A proposed levy for Students’ Union renovations and building maintenance will have students paying $54 more in fees by 2021 — if they vote “yes” to it in March.
If passed, the Student Spaces Levy will cost students $18 in the 2019-20 academic year, doubling annually until it reaches $54 by 2021-22. From there, it will grow with inflation. The fee would be charged indefinitely — so while it would first fund SUB’s theatre renovations, students would continue to pay into it while the SU decides on new projects to tackle.
This is a bit of a change-up. In the past, students have voted on individual renovation projects; most recently, the SUB atrium was renovated with new windows and stairs connecting the main floor to the basement, furnished with beanbags and study couches. Students voted “yes” to these upgrades, agreeing to pay about $20 per year until the project debt was paid off.
They also voted “no” to last year’s Student Events Initiative, which largely sought to fund the Myer Horowitz Theatre at a cost of $16.50 per year initially, growing to $33 in 2020. No matter which way it goes, the student vote works as an important check on SU funds.
This choice would be taken away with the Student Spaces Levy. At the same time, it would open up a sizable revenue stream to the SU, generating roughly $1.7 million per year to be used on the theatre and much more.
The SU has been trying to find the money to renovate the Myer Horowitz Theatre for a while now. Back in the summer of 2016, the SU declared it was going to refurbish the theatre for $11 million, pledging $1.5 million to the project while saying the remaining $9.5 million would come from fundraising and grants. New features were added to the plan last December, pushing the budget to $14.5 million. The merits of a renovated theatre have been discussed at length, but the trade-offs that come with it in the Student Spaces Levy make it a tough sell.
The SU says it would leave it to Students’ Council to decide whether or not to fund a new project, but this is concerning — most of the time, the campus political bubble is out of touch with the average student. Councillors lack formal mechanisms to carry out effective consultations with their own constituents. Without proper reach, responses to questions about new fees can be biased. It’s very possible that the student body would be overlooked when it comes time for council to find a new way to spend their new pot of money.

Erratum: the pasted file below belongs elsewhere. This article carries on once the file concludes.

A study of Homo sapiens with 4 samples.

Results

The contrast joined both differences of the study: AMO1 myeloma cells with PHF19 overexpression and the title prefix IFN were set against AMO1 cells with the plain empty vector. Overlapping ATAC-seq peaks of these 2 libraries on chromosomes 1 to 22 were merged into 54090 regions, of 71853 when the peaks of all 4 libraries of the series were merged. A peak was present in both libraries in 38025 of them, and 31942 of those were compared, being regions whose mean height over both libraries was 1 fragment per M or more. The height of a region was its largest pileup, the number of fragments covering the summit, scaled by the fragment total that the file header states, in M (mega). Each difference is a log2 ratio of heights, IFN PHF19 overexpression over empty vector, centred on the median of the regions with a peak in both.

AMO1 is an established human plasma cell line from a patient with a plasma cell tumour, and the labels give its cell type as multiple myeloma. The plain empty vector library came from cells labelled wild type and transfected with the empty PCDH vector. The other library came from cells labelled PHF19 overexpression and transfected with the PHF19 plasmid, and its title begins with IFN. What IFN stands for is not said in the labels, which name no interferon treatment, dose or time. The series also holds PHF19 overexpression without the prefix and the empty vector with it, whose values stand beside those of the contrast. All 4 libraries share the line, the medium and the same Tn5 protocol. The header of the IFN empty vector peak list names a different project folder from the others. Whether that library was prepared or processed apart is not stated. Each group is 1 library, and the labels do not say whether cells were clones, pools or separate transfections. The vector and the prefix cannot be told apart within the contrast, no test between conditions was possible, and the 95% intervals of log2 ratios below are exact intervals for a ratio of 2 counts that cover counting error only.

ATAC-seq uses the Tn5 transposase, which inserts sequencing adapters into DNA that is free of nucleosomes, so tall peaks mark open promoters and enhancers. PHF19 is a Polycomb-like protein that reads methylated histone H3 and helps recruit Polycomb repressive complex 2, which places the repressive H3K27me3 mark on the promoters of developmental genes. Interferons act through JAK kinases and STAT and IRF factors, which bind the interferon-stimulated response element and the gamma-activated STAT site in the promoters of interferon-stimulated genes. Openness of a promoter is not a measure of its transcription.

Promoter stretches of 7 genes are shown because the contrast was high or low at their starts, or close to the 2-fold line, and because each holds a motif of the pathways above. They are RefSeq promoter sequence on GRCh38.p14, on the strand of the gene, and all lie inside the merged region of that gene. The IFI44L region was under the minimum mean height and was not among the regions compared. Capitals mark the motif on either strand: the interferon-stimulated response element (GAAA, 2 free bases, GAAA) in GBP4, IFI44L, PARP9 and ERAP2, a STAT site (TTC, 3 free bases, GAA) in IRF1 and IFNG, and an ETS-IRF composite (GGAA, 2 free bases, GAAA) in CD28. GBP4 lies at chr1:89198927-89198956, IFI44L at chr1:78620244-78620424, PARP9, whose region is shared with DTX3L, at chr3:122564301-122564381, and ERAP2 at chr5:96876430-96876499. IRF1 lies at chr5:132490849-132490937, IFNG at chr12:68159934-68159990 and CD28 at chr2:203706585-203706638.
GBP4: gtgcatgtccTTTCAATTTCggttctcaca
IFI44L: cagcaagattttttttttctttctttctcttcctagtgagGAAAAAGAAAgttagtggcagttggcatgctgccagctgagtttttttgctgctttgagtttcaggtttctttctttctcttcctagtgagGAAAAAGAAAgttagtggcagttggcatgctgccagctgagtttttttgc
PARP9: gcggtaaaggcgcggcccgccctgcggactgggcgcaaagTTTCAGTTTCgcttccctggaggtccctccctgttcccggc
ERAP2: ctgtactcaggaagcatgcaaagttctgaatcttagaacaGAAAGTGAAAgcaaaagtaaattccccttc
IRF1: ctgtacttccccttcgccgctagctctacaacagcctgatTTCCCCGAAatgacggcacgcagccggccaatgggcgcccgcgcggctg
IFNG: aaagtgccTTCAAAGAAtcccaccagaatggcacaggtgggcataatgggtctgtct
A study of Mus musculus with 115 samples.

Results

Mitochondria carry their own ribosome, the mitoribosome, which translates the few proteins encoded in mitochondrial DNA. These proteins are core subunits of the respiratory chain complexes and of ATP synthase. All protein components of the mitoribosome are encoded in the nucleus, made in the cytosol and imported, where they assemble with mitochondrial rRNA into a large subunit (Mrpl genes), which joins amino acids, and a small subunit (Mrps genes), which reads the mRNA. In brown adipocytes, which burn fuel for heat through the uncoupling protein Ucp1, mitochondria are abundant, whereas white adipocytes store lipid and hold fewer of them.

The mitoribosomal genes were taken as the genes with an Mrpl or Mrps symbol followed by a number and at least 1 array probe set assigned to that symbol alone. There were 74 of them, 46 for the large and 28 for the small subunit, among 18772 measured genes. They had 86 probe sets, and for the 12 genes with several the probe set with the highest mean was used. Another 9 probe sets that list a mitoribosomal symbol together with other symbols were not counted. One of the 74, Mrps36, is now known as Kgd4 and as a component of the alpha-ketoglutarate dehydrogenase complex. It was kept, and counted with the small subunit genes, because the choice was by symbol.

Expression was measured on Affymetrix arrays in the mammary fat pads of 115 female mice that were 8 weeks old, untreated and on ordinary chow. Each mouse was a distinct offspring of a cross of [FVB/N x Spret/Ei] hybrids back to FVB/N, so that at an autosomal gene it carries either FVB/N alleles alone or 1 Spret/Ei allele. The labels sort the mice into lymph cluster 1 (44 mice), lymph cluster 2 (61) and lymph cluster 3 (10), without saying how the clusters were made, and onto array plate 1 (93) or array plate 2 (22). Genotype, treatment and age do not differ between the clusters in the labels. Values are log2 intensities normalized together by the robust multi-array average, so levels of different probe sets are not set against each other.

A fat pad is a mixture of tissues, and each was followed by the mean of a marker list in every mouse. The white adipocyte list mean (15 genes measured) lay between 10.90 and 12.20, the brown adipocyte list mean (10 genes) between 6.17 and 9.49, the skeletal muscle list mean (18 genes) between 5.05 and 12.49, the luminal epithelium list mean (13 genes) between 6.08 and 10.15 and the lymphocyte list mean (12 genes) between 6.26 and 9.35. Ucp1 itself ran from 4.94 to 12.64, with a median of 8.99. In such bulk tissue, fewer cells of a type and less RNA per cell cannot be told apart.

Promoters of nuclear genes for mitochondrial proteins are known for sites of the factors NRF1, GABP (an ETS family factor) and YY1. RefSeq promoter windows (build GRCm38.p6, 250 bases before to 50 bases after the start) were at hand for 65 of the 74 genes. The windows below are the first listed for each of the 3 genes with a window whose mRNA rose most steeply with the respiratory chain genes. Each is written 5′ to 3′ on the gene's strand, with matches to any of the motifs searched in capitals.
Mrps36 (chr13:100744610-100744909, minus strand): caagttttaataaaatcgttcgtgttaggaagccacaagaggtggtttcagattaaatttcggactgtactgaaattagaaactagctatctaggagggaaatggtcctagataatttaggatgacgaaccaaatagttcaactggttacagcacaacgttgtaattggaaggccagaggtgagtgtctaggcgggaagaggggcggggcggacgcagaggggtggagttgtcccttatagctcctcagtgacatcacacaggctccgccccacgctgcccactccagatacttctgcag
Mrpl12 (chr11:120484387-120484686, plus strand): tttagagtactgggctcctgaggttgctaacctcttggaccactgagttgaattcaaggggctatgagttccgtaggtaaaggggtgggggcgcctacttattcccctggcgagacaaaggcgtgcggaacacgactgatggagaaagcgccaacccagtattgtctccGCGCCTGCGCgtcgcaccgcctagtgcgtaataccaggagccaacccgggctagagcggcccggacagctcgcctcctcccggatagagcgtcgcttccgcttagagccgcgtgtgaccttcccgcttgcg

For an example of this disconnect, just look at the consultations for the Student Spaces Levy. The SU claims to have done its homework by drawing from old data and talking to faculty associations, focus groups, and Students’ Council itself. As far as the student body goes, one email was sent across campus asking for input last week, but only after
It seems odd that these consultations would call for a fee even larger than the one that was voted down last year. The SU should note that students generally don’t like paying more than they have to, especially the rising cost of living and the elimination of Alberta’s tuition cap next year. New political hurdles in higher education may arise in 2019 as well — polls say the United Conservative Party is likely to win, and they’re thinking of making student union dues optional if elected.
Though the SU is right to be concerned about deferred maintenance on campus — which is projected to reach more than $1 billion in five years — a student fee is not the way to deal with it. Building upgrades across campus are already covered by the government through direct funding — in the millions of dollars — to our university. The U of A has a dedicated team of professional architects, planners, and analysts that work full-time on upgrading furniture and renovating spaces (and a bigger budget to pay them).
The SU should be working on its lobbying strategy for deferred maintenance. Instead, it looks like the SU is trying to balance deferred maintenance on the backs of students, rather than leave it to the government and the university proper.
If you want to give the Myer Horowitz Theatre a facelift, go for it. Students might just want a nice, new theatre — but not if it means getting double-charged into perpetuity for projects that they didn’t get to vote on.